A World Health Organization panel recently concluded that a 5-foot-6 man or woman of Asian descent weighing 137 pounds should be considered “overweight.” That would place the trim Hiroyuki Sanada, one of Tom Cruise’s co-stars in “The Last Samurai,” just a few pounds shy of this category.
Welcome to the politics of fat, where bathroom scales can be tax- deductible, lawyers are lining up to sue anything rumored to contain calories and the media have fed us a steady diet of hysteria and hyperbole. In this twilight zone of fat panic, something called the Body Mass Index (BMI) uses only our height and weight to divide us into categories: obese, overweight and government approved.
A BMI of 30 or more makes you “obese”; at 5-foot-7 and 201 pounds, Tom Cruise’s magic number is 31. If the WHO gets its way, Asians will join the “last samurai” in the obese category if their BMI hits 26 (5-foot-7 and 163 pounds, for example). A BMI of just 22 — perfectly “healthy” for most of us, even by WHO’s ever-tightening standards — will make an Asian “overweight.”
The global love-handle police insist on this ridiculous BMI standard, which classifies 61 percent of Americans as overweight or obese. You have probably heard that number. Along with the claim that obesity costs the United States $117 billion a year and kills 300,000 Americans annually, it is one of the three most commonly cited figures associated with our so-called obesity epidemic. But it’s more like an epidemic of bad statistics. All three of these numbers are seriously flawed.
The federal Centers for Disease Control and Prevention acknowledge that these results are counterintuitive: “Overweight may or may not be due to increases in body fat. It may also be due to an increase in lean muscle.” This explains why the new governor of California (6-foot-2, 257 pounds, BMI of 33) is officially obese, too. For the rest of us, however, the story is a bit more complicated. One night in 1998, more than 39 million Americans went to sleep at a government-approved weight and woke up “overweight,” thanks to an arbitrary shift in the BMI cutoff for “overweight” status.
The standard that we abandoned in 1998 had the virtue of distinguishing between men and women — something we don’t even attempt to do anymore. Now the WHO wants to start determining “acceptable” BMI levels according to race – – making Jackie Chan (5-foot-8, 160 pounds, BMI 24) our latest “overweight” movie star.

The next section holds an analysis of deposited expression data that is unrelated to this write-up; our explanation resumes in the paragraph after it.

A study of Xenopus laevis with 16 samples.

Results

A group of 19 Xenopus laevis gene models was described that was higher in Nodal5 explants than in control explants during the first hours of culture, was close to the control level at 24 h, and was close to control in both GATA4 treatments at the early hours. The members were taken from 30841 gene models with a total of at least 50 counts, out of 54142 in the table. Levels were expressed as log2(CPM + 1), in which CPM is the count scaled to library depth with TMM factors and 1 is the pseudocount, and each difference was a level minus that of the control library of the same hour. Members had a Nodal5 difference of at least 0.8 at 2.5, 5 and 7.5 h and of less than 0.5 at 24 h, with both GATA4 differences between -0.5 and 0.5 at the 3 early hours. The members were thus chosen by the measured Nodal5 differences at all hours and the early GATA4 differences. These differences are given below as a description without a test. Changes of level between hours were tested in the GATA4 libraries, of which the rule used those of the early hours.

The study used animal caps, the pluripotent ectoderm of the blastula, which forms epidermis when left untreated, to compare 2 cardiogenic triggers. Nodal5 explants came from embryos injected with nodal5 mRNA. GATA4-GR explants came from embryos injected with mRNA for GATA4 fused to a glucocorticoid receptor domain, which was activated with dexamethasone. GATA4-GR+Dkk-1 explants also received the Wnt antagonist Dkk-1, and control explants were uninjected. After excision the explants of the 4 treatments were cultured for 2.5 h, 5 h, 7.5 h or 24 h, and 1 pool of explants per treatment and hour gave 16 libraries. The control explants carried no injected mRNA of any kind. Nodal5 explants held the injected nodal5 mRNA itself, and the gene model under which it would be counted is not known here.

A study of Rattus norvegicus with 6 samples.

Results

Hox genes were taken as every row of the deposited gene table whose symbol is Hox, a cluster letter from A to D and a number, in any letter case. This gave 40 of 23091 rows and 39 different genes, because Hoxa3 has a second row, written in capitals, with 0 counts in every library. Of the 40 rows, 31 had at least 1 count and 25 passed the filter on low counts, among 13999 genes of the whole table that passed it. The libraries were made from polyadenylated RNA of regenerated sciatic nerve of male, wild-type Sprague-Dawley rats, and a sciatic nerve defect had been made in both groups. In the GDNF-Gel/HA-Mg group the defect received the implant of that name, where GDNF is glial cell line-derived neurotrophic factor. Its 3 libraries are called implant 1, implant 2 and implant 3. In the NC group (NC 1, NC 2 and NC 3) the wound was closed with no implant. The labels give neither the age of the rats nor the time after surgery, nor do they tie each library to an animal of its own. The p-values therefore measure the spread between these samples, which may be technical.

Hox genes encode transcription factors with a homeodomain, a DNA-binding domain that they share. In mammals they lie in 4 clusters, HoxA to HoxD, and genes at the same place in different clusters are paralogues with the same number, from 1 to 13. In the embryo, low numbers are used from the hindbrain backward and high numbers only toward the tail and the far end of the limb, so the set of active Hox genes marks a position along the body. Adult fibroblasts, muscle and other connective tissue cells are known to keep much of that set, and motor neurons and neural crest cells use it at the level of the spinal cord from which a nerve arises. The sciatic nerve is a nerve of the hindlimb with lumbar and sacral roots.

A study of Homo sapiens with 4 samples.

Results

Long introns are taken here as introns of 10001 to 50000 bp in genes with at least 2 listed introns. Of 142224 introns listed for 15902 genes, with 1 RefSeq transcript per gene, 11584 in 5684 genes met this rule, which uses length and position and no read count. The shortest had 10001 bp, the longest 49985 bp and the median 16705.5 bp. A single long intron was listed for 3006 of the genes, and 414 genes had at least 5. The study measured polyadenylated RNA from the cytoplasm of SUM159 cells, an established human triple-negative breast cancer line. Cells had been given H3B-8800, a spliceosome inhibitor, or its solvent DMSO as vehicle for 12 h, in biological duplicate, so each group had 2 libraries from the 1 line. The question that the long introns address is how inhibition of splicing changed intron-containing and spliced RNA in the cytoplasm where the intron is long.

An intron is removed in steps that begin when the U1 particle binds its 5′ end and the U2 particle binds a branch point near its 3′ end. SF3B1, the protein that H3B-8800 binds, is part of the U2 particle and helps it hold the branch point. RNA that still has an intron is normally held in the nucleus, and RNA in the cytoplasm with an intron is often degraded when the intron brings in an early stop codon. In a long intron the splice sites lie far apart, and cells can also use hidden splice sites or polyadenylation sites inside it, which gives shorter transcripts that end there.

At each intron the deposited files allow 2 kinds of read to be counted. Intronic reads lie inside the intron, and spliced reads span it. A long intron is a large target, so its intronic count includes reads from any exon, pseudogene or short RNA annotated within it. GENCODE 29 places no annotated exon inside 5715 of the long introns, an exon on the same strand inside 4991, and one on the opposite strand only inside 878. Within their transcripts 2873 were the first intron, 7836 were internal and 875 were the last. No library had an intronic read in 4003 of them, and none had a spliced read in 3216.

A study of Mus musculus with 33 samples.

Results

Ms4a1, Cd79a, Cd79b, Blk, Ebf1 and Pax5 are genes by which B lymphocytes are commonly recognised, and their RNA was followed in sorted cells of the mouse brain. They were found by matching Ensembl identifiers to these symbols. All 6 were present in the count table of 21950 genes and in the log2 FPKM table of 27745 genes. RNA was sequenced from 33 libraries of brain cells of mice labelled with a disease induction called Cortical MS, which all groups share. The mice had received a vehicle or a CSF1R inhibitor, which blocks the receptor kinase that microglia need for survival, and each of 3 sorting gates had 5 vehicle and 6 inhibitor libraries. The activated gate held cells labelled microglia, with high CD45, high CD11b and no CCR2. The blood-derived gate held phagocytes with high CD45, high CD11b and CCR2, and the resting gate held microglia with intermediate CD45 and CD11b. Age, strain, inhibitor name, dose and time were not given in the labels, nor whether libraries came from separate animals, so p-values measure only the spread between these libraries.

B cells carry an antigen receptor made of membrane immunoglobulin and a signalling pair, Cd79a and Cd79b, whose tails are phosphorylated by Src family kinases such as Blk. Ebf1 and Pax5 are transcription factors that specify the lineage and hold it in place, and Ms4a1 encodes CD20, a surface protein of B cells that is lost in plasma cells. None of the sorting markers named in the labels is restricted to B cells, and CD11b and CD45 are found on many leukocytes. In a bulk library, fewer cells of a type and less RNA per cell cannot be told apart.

The claim that excess weight kills 300,000 Americans each year is bizarre in its assumption that overweight people are officially immune to all other causes of death. As insane as it sounds, if Cruise were to kick the bucket for any reason, he would count toward the mythical 300,000 total.
The New England Journal of Medicine knows this is bogus. In an editorial, the journal’s editors wrote that the 300,000 figure “is by no means well- established,” and that it is “derived from weak or incomplete data.” Still, this flawed number finds its way into nearly every public discussion about obesity — as does the spurious claim that obesity costs Americans more than $100 billion every year. That figure is derived from a single 1998 study published by the journal Obesity Research. This study had serious limitations. The authors acknowledged that their methods allowed for the “double-counting of costs” that “would inflate the cost estimate.” They also admitted that “height and weight are not included in many of the primary data sources” that they relied upon.
Worse yet, these bean-counters used the wrong definition of obesity. Traditionally, a BMI of 30 or more makes you obese, but the authors decided to arbitrarily set their threshold at 29. A small error? Not at all. They wound up wrongly including the health costs of more than 10 million Americans.
Unfortunately, activist groups are all too happy to build their nutritional utopias on the shaky ground of these faulty obesity statistics. The guiltiest in the bunch are the self-described “food police” at the Center for Science in the Public Interest — the traditional advocates of “sin” taxes on foods they don’t want you to eat. A health-advocacy group called the Physicians Committee for Responsible Medicine also uses these bogus stats to force a vegetarian diet down our collective throats. Then there’s the American Obesity Association, which aggressively promotes these numbers in its quest to have obesity classified as a “disease” — for the financial gain of the manufacturers of the weight-loss drug and products who pay its bills.
Basic logic dictates that obesity is no more a disease than couch potato- itis, that replacing milk and chicken with tofu won’t magically melt the pounds and that Tom Cruise isn’t fat. But obesity scares and cooked numbers have tipped the scales against common sense.